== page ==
3D Modeling- Everything You Want To Know About 3D Modeling

3d modeling

What is 3D modeling?

3D modeling is the process of developing a mathematical representation of an object or only it’s surface in 3D with the help of various specialized software. The representation is called a 3D model. It can be used as a 2D image through a process called 3D rendering (primarily used in the game design and animation) and in a computer simulation to simulate the performance of the model (engineering). Furthermore, 3D models can also be printed with the help of 3D printers.

(Image credit – upwork)

Types of 3D modeling –

There are 2 major types of 3D modeling –

1 Solid Modelling –

In technical terms, a solid model is a complete mathematical representation of an object. While this may seem to be difficult to understand, in simpler terms solid modeling creates a virtual 3D representation of objects for machine design and analysis.

A solid model generally consists of a group of features, added one at a time, until the model is completed. Solid models make it easy to determine mass properties of an object. Additionally, mass properties are properties of an object which change with a change with it’s mass and mass distribution(density, the center of gravity). Further, sections can be easily cut through it to study and define internal details.

There are various methods to create and represent solid models. A few of these methods are –

a) Constructive Solid Geometry In CSG, a solid object is constructed by combining some basic solids via Boolean operations. The simplest solid objects, from which solid models are made, are known as primitives. These primitives are arranged in a tree structure using Boolean operations to construct a model. It is quite an easy method for modeling objects. The structure is concise and relatively less storage is required for a CSG model. However, CSG is slow in displaying the objects.

A typical CSG tree

b) Sweep Representation – In sweep representation, a solid is defined in terms of volumes swept out by 2 or 3 dimensional laminae as they move along a curve, also called a path. Most commercial CAD systems provide (limited) functionality for constructing swept solids.

Creation of a toroid by the sweep

c) Primitive Instancing – Primitive instancing is based on the definition of object families, where each object is distinguishable by a few parameters. Each family is called general primitive and each object is called a primitive instance.  For example, a family of bolts is a generic primitive, and a single bolt specified by a particular set of parameters is a primitive instance. While it is a very simple method of generating models, the main disadvantage is the limited number of object families.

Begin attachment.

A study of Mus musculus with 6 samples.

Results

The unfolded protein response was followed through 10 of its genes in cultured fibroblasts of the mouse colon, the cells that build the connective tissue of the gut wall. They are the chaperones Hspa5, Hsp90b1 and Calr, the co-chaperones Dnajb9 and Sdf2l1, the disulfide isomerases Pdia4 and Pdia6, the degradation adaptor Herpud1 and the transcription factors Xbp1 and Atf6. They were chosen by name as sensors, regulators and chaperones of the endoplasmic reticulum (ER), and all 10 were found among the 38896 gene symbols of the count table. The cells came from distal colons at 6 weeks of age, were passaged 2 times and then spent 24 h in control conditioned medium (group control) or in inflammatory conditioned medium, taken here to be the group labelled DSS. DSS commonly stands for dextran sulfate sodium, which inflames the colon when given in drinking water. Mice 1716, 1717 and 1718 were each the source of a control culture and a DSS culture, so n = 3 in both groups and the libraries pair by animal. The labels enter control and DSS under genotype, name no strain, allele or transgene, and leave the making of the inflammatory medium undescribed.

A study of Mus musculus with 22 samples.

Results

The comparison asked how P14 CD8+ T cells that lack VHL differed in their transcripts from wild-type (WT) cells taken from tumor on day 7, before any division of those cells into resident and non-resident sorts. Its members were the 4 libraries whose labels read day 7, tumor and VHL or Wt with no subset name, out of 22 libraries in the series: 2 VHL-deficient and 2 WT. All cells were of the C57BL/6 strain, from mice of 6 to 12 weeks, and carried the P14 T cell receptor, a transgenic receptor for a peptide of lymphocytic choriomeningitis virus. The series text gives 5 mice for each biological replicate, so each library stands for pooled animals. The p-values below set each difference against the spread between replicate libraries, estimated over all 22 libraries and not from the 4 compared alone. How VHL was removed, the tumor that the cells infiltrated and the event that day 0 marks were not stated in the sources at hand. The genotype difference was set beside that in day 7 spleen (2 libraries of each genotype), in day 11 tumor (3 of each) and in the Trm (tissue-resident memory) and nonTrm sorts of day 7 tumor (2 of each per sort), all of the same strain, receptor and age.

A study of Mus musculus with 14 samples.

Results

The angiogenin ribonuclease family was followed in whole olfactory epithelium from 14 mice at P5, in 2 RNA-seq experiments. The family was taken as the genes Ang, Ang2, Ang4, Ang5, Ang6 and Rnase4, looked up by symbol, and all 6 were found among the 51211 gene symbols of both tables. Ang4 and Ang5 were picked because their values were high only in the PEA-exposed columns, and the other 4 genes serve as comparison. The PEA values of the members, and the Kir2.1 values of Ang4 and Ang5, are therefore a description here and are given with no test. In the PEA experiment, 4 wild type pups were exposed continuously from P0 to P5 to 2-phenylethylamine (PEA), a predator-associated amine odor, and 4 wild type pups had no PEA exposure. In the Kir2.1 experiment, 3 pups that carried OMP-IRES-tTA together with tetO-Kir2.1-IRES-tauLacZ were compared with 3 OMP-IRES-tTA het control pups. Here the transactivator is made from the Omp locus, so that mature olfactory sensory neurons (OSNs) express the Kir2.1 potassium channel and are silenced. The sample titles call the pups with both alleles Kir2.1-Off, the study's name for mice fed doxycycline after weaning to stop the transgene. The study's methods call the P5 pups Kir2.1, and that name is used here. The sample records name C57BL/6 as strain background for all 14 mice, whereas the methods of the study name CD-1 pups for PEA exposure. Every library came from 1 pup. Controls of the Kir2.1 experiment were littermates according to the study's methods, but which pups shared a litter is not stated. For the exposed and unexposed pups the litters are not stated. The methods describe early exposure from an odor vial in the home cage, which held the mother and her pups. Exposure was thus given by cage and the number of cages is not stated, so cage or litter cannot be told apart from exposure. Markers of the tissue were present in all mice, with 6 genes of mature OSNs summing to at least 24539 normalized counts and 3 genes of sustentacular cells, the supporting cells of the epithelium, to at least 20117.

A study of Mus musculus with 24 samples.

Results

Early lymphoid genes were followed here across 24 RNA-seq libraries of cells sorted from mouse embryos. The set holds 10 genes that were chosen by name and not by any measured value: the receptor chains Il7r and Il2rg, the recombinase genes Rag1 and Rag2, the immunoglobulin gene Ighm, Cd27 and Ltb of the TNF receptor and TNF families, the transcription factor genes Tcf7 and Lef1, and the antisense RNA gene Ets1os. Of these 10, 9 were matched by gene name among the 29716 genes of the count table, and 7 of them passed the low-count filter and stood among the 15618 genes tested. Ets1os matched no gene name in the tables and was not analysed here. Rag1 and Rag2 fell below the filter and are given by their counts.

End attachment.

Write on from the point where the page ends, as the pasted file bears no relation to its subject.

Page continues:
Please note that these are only a few solid modeling methods. Most software provides multiple of these methods.

Solid modeling is mostly used in engineering and medical fields. In engineering, parts and machines are modeled to be studied and to run simulations on. The models are also used for 3D printing. In medical, CAT and MRI scans create solid models of internal body organs. This process is called volume rendering.

2 Surface Modelling-

Surface modeling represents the boundary of the object and does not define it’s volume.

If you draw a circle and extrude the surface area, the end result will be a solid cylinder, with properties such as mass, the moment of inertia, volume etc. This is an example of solid modeling. Now instead, if you just extrude the circumference of the circle, the result will be a hollow cylinder, without any wall thickness. This is an example of surface modeling. This a good example illustrating the difference between solid and surface modeling. Additionally, sectional views cannot be obtained in surface models.

Almost all visual models used in games and films are surface models. It is widely used in architectural renderings too. Further, they are of use in engineering too. Surface models are used in aerodynamic analysis and sheet metal working, where mass properties are not very important.

It uses Bezier curves and B-splines to generate surfaces.

(Typical Bezier curve used for surface models)

Software for 3D Modelling –

There are mainly 3 categories of 3D modeling software –

1 Entertainment – Used in game design, animation, and special effects. They are mostly surface modelers. Some examples are Maya, Blender etc. Maya is the industry standard software, while Blender is the best open source software.

2 Manufacturing – Used for designing machine components and parts. Many of these software also have the capability of running simulations on objects designed. They are generally hybrid modelers, allowing for both solid and surface modeling. Some examples are Solidworks, CATIA, Siemens NX etc. SolidWorks is the simplest to use out of all the commercial options. Unfortunately, there are no good open source options in this category.

3 Architecture and construction – These software specialize in creating architectural renderings of a house’s interiors and exteriors. The best software in this category are Revit and ArchiCAD.

There are also some tools which can be used by people across the 3 categories. SketchUp is the most popular software in this segment. However, for advanced applications, people tend to stick to products designed for their category.

Personally, I prefer to work with SolidWorks, since I am a mechanical engineering student, but you can choose any tool based on your preferences.